As the world's attention turned to ISIS advancing from their staging ground in Syria through to Iraq, CNN International correspondent Atika Shubert and her team focused on the phenomenon of European jihadists joining their ranks. They are primarily young Muslims, who are drawn to fight in Syria -- often leaving solid middle-class homes and relatively comfortable lives to participate in “jihad” – holy war, alongside members of ISIS, al Qaeda and other groups. It is a phenomenon that keeps western intelligence agents up at night, and as this description is being written, Atika is in Paris reporting for CNN while French authorities are on a massive man-hunt for terrorists who may have done just that – gone to fight in Syria and come back to bring their extreme beliefs and its attendant violence back home. Through their reporting, Atika and her team have tried to understand the phenomenon – even interviewing British jihadists in Idlib, Syria via Skype to find out why they are there.
In the 12 years since 9/11, al Qaeda continues to inspire numerous acts of terror with a sophisticated information campaign. Messages are spread online using sites like YouTube and other jihad forums. So far, law enforcement in the United States has been unable to find a way to respond, but that is not the case in the United Kingdom. Before 9/11, radicalization was up close and personal. A recruit was identified and groomed, taken to a camp and trained. Today, much of radicalization is global, done through sophisticated propaganda videos in the darkest corners of the Internet. The heart of this piece was investigative journalism, speaking with a former radicalized jihadist and on patrol with the officers at the front line of Britain’s outreach program.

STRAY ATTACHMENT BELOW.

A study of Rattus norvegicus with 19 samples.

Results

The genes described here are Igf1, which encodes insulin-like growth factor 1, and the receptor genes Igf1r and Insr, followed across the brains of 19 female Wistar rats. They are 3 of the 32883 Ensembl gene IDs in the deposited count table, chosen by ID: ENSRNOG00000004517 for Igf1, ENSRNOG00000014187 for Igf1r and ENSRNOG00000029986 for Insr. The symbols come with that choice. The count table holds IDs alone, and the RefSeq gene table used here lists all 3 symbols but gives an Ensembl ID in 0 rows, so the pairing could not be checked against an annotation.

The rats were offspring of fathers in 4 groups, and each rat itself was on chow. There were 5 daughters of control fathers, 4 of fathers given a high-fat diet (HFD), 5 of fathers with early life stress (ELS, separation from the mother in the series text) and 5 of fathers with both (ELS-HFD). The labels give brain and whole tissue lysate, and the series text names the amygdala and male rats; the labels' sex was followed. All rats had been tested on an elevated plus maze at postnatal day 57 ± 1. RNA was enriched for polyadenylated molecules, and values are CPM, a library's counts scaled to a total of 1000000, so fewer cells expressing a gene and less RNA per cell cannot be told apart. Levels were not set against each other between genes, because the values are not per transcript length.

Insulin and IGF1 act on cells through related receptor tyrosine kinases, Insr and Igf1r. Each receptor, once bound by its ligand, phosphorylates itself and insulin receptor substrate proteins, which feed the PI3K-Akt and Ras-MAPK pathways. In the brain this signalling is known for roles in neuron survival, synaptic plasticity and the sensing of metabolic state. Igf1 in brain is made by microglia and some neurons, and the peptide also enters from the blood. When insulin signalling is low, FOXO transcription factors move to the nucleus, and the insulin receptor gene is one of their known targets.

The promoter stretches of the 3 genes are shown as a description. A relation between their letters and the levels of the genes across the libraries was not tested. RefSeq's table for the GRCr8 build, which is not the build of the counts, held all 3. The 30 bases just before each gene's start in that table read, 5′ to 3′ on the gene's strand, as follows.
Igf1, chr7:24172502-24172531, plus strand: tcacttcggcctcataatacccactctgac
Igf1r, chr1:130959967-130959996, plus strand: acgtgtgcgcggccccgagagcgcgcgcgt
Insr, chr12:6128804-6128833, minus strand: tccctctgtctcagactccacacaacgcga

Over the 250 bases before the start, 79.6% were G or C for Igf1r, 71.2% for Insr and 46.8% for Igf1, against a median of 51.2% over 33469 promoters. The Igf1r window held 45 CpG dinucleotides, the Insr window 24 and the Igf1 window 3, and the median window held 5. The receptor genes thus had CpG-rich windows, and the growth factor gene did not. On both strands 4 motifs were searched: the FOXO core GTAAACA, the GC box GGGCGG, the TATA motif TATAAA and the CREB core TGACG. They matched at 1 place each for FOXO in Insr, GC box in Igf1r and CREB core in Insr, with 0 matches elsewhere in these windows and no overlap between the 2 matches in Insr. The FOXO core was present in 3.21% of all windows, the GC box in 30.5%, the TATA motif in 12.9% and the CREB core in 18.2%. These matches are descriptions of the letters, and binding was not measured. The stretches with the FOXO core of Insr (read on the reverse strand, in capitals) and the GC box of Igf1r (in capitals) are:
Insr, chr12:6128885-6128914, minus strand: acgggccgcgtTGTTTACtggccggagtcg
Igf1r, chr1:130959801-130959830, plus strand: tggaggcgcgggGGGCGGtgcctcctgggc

These three stories explore the Iraqi insurgency and the fighting conditions U.S. forces faced. "Meet the new jihad" explains the transformation of the Iraqi insurgency from a guerilla campaign led by former members of the Baathist regime to an international jihadist movement.. "Enemy with many faces" reveals the divisions with the insurgency's disparate members. "Into the hot zone" follows U.S. soldiers as they engage in brutal urban combat.
Kaplan sheds light on the underground jihad movement in America. The story reveals that up to 2,000 Americans have fought in holy wars around the world - Afghanistan, the Balkans, Kashmir and Chechnya - since the early 1990s. "Most of the jihadists are Arab Americans, but other are as diverse as America itself, and include native-born whites, blacks, and at least one Puerto-Rican," according to the contest questionnaire.